First off, a crucial bit of clarification: there are no private / secret rules for moderators. There are private instructions, guidelines, tools and instructions for using those tools. In the rest of this post, I'll attempt to explain why we have these things.
Private moderator guidance is always based on public discussion; as with just about everything else in the help center, it exists to summarize policy, not originate it.
In the case you cite (not discussing suspensions publicly), the reasons for this have been discussed here on meta numerous times over the years, and recently summarized publicly by Jon Ericson in Why don't we keep public records of suspensions? - the private guidance exists as a more utilitarian version of this.
Now, you ask:
Why wouldn't we make all of this public?
Well, for years we did: everything was documented here on meta or in the moderator newsletter. Tools, guidance, etc. - if it couldn't be made public (for example, questions on specifics of how personally-identifiable information is displayed on the moderator-only pages of user profiles), it wasn't documented at all...
...In practice, this meant that a handful of long-time moderators knew how the tooling worked and how to use it effectively, and hundreds of other moderators either didn't use it at all or used it badly.
Eventually, the moderators themselves started to compile documentation here on meta under the moderator-faq and moderator-tools tags. This was a great improvement, but still suffered from a few deficiencies:
It still wasn't practical to document very specific details about how certain bits of functionality worked; there are a handful of pages that simply cannot be rendered in public without redacting nearly everything on them or violating the moderator agreement. The former option was used to good effect, but at the cost of making documentation that was (and is) unnecessarily confusing.
It's inconvenient for new moderators. For the same reason that we have a public help center (expecting new users to read the faq is naive), we needed something short, to the point, and readily-accessible to help new moderators get up to speed quickly. One-on-one chat conversations and email threads don't scale to hundreds of moderators; a section of the help center does.
A lot of it is confusing or misleading if you can't actually use the tools being discussed. It's hard to overstate how much this matters: for better or worse, a lot of the mod tools suffer from "programmer UI" - the way they display information is very closely attached to how the system is implemented behind the scenes. As a result, there's an entire page in the help center that tries to document the meaning of... well, an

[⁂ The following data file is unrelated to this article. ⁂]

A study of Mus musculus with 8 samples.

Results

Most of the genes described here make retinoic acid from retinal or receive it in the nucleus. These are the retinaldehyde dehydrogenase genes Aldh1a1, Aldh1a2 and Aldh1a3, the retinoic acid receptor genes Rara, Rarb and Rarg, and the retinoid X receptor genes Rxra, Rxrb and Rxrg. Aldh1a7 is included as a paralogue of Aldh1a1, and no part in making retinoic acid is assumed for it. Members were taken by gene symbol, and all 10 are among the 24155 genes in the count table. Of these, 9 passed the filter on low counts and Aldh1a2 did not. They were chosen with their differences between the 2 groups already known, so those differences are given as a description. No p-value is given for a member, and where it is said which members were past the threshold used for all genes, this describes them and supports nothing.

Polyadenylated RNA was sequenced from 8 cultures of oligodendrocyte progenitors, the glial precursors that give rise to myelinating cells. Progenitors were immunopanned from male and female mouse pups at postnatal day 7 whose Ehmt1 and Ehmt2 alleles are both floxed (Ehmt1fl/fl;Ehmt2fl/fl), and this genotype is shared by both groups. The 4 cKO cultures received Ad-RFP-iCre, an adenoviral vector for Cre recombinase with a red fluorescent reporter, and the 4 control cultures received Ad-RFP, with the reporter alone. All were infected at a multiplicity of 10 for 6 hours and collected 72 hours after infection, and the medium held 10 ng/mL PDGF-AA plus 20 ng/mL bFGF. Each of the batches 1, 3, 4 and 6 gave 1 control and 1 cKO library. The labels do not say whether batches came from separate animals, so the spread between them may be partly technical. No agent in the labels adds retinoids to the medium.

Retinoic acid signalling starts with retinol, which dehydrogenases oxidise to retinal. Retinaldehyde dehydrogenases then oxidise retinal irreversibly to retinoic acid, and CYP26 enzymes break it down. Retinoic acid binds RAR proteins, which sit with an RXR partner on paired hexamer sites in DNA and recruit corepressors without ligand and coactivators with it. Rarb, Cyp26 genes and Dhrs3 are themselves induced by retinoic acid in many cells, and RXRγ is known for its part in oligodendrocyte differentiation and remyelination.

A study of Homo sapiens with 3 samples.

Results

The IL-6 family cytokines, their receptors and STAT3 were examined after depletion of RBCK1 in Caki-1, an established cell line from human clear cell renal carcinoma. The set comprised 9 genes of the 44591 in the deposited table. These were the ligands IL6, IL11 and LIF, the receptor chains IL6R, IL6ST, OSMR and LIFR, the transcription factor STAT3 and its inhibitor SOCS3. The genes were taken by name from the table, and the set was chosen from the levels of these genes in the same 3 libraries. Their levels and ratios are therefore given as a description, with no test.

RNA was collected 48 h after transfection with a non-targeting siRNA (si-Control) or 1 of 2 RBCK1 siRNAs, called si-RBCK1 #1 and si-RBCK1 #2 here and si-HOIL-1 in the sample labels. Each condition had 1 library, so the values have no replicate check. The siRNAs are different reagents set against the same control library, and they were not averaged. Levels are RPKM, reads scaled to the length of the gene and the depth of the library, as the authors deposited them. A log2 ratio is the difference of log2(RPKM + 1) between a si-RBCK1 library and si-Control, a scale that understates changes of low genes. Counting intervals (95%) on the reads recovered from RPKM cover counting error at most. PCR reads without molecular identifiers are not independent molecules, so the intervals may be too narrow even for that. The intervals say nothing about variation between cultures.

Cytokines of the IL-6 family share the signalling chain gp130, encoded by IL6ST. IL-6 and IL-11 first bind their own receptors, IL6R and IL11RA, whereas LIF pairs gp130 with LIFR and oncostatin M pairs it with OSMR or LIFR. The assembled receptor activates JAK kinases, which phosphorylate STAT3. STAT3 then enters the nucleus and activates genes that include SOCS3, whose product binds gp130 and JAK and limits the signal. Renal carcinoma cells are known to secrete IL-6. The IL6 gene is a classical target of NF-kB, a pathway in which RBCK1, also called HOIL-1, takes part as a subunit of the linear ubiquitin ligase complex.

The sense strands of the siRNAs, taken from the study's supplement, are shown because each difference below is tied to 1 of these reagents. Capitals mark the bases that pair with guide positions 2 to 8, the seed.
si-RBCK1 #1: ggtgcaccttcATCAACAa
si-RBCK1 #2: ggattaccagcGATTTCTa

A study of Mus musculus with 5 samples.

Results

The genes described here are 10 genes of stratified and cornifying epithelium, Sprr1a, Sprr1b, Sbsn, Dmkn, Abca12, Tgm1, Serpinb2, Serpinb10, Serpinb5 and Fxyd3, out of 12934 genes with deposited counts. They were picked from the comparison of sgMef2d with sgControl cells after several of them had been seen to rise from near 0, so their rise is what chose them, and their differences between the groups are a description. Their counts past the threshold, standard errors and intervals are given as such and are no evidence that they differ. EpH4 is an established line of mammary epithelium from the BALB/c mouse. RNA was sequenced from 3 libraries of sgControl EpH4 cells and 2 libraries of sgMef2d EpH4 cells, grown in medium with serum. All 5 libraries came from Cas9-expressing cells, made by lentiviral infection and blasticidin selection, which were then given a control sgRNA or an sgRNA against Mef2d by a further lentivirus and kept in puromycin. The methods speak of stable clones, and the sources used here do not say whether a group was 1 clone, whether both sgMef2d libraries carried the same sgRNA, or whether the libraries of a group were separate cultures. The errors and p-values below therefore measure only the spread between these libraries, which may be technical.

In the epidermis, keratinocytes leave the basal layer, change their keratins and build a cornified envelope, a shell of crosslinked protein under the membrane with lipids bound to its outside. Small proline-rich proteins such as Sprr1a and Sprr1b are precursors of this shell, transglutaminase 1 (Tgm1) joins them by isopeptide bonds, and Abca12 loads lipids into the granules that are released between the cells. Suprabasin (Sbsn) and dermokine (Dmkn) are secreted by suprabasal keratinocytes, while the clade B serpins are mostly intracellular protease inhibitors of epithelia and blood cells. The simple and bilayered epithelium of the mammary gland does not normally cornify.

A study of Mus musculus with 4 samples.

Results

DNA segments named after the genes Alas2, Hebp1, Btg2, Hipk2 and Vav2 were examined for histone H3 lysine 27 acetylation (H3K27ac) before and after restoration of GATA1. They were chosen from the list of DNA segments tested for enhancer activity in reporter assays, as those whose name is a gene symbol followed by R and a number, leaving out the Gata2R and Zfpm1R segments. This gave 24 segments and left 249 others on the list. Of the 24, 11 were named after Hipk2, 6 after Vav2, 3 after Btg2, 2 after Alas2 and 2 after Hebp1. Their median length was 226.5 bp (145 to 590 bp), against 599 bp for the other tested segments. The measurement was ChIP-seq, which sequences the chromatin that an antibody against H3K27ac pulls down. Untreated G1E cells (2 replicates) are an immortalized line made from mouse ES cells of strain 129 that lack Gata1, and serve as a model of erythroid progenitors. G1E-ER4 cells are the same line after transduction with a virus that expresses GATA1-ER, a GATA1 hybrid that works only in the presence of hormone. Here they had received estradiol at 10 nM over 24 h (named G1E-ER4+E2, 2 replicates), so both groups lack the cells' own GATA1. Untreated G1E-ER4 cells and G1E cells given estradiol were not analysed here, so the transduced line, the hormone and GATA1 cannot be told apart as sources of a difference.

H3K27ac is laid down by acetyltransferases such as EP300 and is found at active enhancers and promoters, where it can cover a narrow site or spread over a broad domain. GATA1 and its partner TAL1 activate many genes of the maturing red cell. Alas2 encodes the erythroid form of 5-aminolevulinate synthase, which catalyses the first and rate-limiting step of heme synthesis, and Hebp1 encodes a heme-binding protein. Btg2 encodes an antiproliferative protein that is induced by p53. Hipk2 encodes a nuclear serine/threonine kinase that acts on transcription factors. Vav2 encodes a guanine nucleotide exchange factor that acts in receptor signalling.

enum whose values are displayed on a certain screen. This is frustrating enough for even seasoned moderators who look at that page frequently - it likely makes zero sense to anyone who can't see it at all, and may very well imply capabilities (or deficiencies) in the system that don't really exist. Imagine trying to learn to use the Windows 10 operating system by reading the Win32 API documentation and you have a reasonable picture of where this could go very wrong.
There are bits of "folk wisdom" (for lack of a better term) that are extremely useful to moderators but which aren't actually rules as such; more... observations on human behavior. Things like, "don't make empty threats" or "don't talk about people behind their backs" are nice bits of guidance that can be written succinctly in a larger bit of documentation but require a tremendous amount of explanation and hedging outside of that context. Most of this also exists in public somewhere, but collecting the more useful bits right next to the documentation for the tools where it comes in handy is a nice thing to do.
Caveat: we kinda suck at this
All that said... The current private moderator documentation is woefully inadequate; there are lots of tools that aren't documented at all, the documentation isn't consistently linked to from the tooling, and there are all too many places where a new moderator might find [TODO: explain this in English] or [put screenshot here] in place of something useful. The sad truth of all this is that we write it mostly on-demand and rarely have enough time to do it properly; with a bit of luck, it'll eventually be a much more useful onboarding tool and handy reference than it exists today, but that's probably a long time away. Part of the problem is that - unlike meta - moderators cannot themselves contribute to the improvement of this documentation; that's something we hope to change in the future, though what form that may take remains to be seen.